Jason Pollock swears in as Jefferson County Sheriff
A giddy crowd of supporters welcomed a smiling Jason Pollock into the Jefferson County Commission chambers Monday, June 20. When the digital clock flipped to 5:01, the contractual moment of the transfer between sheriffs, County Clerk Kate Zemke administered the oath of office.
"Now the real work begins," said Pollock. "I'm going to do everything I can to make this community better." One of his first jobs, Pollock mentioned, will be to fill two key positions. Last week Jail Commander Lieutenant Amber Hanohano turned in her resignation, along with Sgt. Ryan Grote, long seen as resigning Sheriff Marc Heckathorn's right hand man. Both will be gone at the end of the month, with rumors of more leaving. Mark Foster, reserve officer at Camp Sherman, also turned in his resignation, but says the transition simply gave him a good opening to do what he's been considering for a long time. He needs more time to care for family members. "I need to reassure people that things will be fine," said Pollock, who says his top priority is to restore stability to the office. "At any time of change, especially in law enforcement, people get concerned whether they still have a job or whether they'll get demoted. I think it's important for people to feel comfortable where they're at."
Pollock wants to quiet the rumor mill. "Unless they hear it from me," he said, "they shouldn't believe everything they hear."
Retired Sheriff Jim Adkins has gone through the transitions of six sheriffs. Almost every time, the transitions prompted resignations and threats of resignations. "I respect those who resign rather than stay and make trouble for the new administration," said Adkins. Adkins stepped in to take a photo with Pollock and as he stepped away, patted Pollock's bullet proof vest and whispered, "Just keep doing the right thing." What does doing the right thing look like to the new sheriff?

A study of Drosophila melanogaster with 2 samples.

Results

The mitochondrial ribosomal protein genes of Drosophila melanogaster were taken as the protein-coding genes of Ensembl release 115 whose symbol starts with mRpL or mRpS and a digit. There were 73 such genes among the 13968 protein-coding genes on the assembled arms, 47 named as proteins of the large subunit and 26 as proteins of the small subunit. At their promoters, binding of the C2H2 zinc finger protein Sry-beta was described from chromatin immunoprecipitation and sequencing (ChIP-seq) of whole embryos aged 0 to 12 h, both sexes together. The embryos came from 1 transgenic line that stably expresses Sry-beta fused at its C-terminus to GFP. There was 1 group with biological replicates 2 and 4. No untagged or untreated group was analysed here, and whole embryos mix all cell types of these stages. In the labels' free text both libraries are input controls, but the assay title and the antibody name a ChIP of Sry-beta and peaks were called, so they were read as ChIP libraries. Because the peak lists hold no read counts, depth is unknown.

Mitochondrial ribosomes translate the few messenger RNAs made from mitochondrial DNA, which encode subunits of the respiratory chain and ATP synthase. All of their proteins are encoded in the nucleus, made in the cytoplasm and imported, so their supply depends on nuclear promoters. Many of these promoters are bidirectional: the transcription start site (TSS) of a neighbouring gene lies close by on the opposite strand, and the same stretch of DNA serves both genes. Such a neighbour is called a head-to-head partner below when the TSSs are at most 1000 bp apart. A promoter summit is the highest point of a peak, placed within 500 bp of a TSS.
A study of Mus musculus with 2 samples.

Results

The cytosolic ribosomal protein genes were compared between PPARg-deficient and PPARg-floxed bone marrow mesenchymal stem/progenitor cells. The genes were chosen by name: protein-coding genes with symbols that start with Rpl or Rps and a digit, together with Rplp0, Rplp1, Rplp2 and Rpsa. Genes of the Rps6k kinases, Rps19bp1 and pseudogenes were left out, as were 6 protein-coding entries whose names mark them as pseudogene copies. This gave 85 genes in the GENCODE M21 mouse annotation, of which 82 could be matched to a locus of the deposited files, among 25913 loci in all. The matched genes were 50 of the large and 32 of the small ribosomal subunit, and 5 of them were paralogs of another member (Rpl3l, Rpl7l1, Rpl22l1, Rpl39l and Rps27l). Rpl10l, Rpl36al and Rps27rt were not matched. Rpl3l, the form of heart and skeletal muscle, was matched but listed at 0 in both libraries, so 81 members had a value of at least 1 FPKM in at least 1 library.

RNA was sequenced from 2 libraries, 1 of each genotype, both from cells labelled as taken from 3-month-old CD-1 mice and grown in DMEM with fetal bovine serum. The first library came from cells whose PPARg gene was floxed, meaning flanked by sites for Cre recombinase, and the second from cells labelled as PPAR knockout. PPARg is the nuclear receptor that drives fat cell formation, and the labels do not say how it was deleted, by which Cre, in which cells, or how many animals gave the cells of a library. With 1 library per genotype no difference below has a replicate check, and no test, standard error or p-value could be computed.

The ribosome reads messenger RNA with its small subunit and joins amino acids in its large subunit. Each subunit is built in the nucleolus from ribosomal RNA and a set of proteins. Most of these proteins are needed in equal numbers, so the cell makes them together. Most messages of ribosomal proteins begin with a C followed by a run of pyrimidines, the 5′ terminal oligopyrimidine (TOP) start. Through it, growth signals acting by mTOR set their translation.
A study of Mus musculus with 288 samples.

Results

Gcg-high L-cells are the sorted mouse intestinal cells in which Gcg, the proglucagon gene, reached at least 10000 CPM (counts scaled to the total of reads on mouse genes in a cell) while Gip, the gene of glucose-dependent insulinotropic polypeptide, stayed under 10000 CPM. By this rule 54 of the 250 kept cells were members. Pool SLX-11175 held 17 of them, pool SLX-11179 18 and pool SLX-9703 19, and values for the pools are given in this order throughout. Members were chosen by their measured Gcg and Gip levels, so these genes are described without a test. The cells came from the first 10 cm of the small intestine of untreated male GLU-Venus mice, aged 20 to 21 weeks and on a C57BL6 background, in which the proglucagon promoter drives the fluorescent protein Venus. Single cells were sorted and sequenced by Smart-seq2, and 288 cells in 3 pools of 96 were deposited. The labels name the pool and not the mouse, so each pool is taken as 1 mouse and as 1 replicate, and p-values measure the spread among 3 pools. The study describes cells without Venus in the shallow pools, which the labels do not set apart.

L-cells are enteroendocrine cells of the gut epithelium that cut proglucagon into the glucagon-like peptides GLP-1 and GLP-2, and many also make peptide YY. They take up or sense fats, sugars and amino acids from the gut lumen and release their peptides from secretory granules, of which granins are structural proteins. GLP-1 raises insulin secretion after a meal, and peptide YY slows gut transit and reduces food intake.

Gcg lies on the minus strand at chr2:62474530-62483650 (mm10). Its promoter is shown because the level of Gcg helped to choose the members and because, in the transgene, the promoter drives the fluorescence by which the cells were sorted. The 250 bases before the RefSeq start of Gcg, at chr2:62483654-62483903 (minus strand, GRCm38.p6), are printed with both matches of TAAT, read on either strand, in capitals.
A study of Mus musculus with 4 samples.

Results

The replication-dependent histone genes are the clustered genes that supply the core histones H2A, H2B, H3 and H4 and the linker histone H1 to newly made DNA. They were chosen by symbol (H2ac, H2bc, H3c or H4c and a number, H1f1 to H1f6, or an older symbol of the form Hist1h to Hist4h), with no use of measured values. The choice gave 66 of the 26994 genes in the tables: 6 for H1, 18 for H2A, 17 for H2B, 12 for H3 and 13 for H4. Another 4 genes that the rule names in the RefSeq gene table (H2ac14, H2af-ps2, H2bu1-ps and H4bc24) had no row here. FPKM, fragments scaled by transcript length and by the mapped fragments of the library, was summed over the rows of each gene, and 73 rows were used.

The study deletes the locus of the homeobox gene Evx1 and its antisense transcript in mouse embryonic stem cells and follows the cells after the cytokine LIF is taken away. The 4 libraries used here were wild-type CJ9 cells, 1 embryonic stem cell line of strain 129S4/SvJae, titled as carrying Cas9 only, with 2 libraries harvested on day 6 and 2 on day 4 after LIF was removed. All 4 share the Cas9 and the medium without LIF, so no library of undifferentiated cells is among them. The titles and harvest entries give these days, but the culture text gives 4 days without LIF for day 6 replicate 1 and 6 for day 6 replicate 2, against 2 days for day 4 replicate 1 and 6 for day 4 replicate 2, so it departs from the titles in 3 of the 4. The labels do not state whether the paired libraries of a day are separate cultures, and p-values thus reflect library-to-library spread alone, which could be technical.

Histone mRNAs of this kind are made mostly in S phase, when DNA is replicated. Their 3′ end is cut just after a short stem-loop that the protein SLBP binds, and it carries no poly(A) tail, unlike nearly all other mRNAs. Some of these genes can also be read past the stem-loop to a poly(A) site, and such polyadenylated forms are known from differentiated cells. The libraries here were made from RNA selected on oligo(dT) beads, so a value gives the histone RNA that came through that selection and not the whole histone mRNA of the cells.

"Being open and willing to learn from others, and not always believing that you have the right answer," said Pollock. "It could be the smallest guy on the totem pole that has the right answer. Your willingness to listen to that person, your humbling yourself to be able to do that is important." Pollock says he's tried to make a habit of doing the right thing. He points out that law enforcement particularly must learn to make split second decisions between wrong and right decisions. The ability to make the right decision, he said, "comes with experience, life and work experience," Pollock said, "It takes a lifetime to build a reputation and takes only a moment to destroy it."
Uniformed officers from other agencies lined up to take their photo with Pollock, among them Senior Trooper Clint Prevett with Oregon State Police. He expects Pollock to create good working relationships with other law enforcement agencies in the area. "Enough people don't like police. We should like each other and work together as a team," said Prevett. He also gave Pollock advice. "Great leaders don't need to know everything. Surround yourself with people who know things."
Pollock says other agency heads have already reached out to him: sheriff's from other jurisdictions, the county council, county administrator, the business manager of the office. "There's a lot of knowledge in what everyone does around me," said Pollock. "I plan to surround myself with anyone who has advice." Pollock spent the last week as acting sheriff, "So, I've already started drinking from the firehose of all the things I need to do." Pollock recognizes he has a huge job ahead of him. "I'm going to take this one day at a time."